Over 26,000 UK businesses run by young entrepreneurs aged 21 and under

Fast growth app economy creating ‘Generation Entrepreneur’ with tech sector proving most attractive for young people


The report claims that the rapid growth of the app economy – economic activity relating to mobile applications – and success of young people in the industry is leading to a shift in ‘Generation Y’ to ‘Generation Entrepreneur’.

The accessibility of media and technology and growth of related sectors has encouraged many aspiring entrepreneurs aged 21 and under to start businesses.

Some of the entrepreneurs highlighted as “role models of their generation”  includes founder of clean eating blog Deliciously Ella, Ella Woodward, which sees 150,000 hits a day; and the founder of pop-up shop booking platform Appear Here, Ross Bailey, which secured £1m in funding last year.

Other young entrepreneurs cited in the report includes creator of revision app Gojimo, George Burgess, which raised more than $1m in seed funding from Index Ventures; creator of SB.TV, Jamal Edwards, now worth an estimated £8m; and founder of aggregator app Summly, Nick D’Aloisio, who sold the app for £20m to Yahoo in 2013. Founders of skiing app Edge, Ed Hardy and Kit Logan, also feature.

Despite the rise in young entrepreneurship and improving economy, the current unemployment rate for young people aged between 16 and 24 is at 16.2%. But with Britain’s technology sector expected to grow four times faster than its GDP this year, tech firms should see 11% growth over the same period, potentially creating many opportunities for job seekers and young entrepreneurs.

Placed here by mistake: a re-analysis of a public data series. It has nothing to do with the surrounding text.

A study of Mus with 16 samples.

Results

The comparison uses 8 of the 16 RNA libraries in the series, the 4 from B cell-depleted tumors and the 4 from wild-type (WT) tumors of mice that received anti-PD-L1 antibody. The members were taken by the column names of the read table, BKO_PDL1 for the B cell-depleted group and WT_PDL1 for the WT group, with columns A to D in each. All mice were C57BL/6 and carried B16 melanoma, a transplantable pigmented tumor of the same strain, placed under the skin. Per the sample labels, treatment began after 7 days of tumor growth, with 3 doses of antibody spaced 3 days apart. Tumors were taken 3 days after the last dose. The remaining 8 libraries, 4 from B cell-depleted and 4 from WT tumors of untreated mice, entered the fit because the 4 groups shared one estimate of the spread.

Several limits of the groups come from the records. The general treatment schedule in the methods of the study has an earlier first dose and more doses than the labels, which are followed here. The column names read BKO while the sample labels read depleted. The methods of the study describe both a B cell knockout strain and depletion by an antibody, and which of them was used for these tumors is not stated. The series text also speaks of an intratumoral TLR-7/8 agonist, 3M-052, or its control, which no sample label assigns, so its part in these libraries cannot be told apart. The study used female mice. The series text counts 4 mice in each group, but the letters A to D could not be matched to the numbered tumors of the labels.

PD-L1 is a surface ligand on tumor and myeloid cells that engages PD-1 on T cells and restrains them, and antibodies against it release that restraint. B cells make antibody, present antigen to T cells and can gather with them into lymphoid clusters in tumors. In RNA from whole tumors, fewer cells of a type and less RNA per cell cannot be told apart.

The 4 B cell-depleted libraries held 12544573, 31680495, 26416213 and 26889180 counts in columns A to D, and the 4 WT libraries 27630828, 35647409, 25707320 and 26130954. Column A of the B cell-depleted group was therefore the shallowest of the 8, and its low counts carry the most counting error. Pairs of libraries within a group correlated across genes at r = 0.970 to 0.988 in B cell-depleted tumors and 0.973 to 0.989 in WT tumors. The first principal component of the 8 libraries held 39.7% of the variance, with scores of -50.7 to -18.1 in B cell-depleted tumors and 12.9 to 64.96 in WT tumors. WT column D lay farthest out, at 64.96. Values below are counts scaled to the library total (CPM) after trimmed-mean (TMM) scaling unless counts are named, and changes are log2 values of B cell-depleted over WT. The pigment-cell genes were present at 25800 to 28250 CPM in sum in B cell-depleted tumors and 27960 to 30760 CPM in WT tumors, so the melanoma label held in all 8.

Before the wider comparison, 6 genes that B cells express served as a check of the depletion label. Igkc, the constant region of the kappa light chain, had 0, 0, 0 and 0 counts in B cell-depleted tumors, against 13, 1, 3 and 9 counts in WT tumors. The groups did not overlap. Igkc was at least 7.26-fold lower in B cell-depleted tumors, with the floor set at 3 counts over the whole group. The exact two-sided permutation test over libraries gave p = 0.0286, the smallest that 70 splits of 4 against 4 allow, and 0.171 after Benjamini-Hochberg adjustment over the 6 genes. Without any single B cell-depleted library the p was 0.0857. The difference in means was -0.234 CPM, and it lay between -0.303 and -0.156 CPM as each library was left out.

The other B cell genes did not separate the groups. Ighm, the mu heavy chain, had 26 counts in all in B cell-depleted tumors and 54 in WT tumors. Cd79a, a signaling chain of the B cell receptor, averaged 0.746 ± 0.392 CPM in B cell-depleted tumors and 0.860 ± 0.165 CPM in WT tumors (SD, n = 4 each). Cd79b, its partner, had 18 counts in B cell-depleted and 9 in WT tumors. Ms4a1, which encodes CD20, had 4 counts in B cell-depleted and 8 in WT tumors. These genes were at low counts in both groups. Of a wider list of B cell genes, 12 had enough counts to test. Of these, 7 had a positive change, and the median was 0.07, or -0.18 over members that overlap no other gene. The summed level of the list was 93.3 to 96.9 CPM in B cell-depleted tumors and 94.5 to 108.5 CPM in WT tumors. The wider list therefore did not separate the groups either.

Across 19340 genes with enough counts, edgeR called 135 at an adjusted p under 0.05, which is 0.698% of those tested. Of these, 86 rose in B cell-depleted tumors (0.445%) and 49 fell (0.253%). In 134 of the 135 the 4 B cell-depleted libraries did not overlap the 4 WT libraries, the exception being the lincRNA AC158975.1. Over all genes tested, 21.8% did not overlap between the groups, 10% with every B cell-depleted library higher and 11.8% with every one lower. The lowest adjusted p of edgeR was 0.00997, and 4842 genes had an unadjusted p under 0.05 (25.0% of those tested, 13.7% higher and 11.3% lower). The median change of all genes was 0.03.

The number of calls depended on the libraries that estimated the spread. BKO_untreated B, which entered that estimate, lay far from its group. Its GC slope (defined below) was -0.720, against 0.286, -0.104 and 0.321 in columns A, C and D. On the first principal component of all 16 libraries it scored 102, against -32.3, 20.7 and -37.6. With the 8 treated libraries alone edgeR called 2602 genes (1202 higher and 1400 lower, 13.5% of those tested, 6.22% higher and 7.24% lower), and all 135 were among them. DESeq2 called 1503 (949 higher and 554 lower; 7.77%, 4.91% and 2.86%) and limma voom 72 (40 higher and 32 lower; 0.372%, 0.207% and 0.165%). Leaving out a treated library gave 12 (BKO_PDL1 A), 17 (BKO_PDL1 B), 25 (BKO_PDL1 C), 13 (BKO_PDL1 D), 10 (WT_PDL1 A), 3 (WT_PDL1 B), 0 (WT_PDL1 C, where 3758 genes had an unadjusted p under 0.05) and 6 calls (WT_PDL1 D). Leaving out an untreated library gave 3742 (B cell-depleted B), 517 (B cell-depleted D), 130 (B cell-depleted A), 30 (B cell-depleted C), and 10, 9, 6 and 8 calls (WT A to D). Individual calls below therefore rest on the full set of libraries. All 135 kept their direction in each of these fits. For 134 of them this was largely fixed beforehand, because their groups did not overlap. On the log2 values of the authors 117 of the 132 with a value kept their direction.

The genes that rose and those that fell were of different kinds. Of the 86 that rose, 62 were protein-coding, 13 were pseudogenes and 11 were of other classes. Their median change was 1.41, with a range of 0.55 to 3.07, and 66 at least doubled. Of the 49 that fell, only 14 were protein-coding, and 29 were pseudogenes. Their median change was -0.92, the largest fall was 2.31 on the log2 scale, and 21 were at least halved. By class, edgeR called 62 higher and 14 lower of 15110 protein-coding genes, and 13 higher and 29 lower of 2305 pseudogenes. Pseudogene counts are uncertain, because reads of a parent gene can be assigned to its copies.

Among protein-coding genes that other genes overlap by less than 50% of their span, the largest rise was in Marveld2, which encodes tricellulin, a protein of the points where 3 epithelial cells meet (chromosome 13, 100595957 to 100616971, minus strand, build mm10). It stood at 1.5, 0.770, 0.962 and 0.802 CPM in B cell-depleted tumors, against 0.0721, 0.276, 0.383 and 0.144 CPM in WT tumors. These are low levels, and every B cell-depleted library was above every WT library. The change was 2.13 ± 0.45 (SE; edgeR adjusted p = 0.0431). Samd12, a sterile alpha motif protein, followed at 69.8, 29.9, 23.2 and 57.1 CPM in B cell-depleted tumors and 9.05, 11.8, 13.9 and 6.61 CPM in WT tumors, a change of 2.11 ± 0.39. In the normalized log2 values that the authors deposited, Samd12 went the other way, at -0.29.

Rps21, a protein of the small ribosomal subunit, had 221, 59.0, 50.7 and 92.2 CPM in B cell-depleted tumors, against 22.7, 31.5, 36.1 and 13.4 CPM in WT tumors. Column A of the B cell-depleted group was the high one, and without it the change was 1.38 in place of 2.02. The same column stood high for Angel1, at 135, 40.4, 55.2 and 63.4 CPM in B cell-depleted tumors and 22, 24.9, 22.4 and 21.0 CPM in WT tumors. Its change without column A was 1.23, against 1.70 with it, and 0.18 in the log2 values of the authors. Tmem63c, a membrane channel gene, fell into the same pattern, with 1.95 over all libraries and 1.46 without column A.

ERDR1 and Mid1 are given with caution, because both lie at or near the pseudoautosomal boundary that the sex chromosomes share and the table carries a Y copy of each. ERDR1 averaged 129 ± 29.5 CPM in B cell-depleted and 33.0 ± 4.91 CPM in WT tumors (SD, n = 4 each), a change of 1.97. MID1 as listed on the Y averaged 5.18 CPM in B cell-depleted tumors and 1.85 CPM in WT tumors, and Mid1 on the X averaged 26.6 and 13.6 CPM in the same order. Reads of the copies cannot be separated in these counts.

A number of factors are said to be contributing to the sectors rapid growth, including technological improvements lowering costs, improved technology education in schools and lower staffing requirements needed by tech firms.

Wiktor Podgorski, contracts and human resources manager at Procorre, comments: “The UK has raised a generation of young entrepreneurs, who are making their mark across the economy, from restaurants to consumer goods and retail.

“The app economy is a particular thriving area for entrepreneurial activity. Young people are tempted by the huge sums of money available –all they need is ability, ambition and a computer to get rich in the app economy.

“Inability to find the kind of employment they want may be inspiring some young people to start out on their own instead. High-tech industries, where the size of a business is much less important than its ability to create innovative products are proving particularly popular amongst young entrepreneurs.”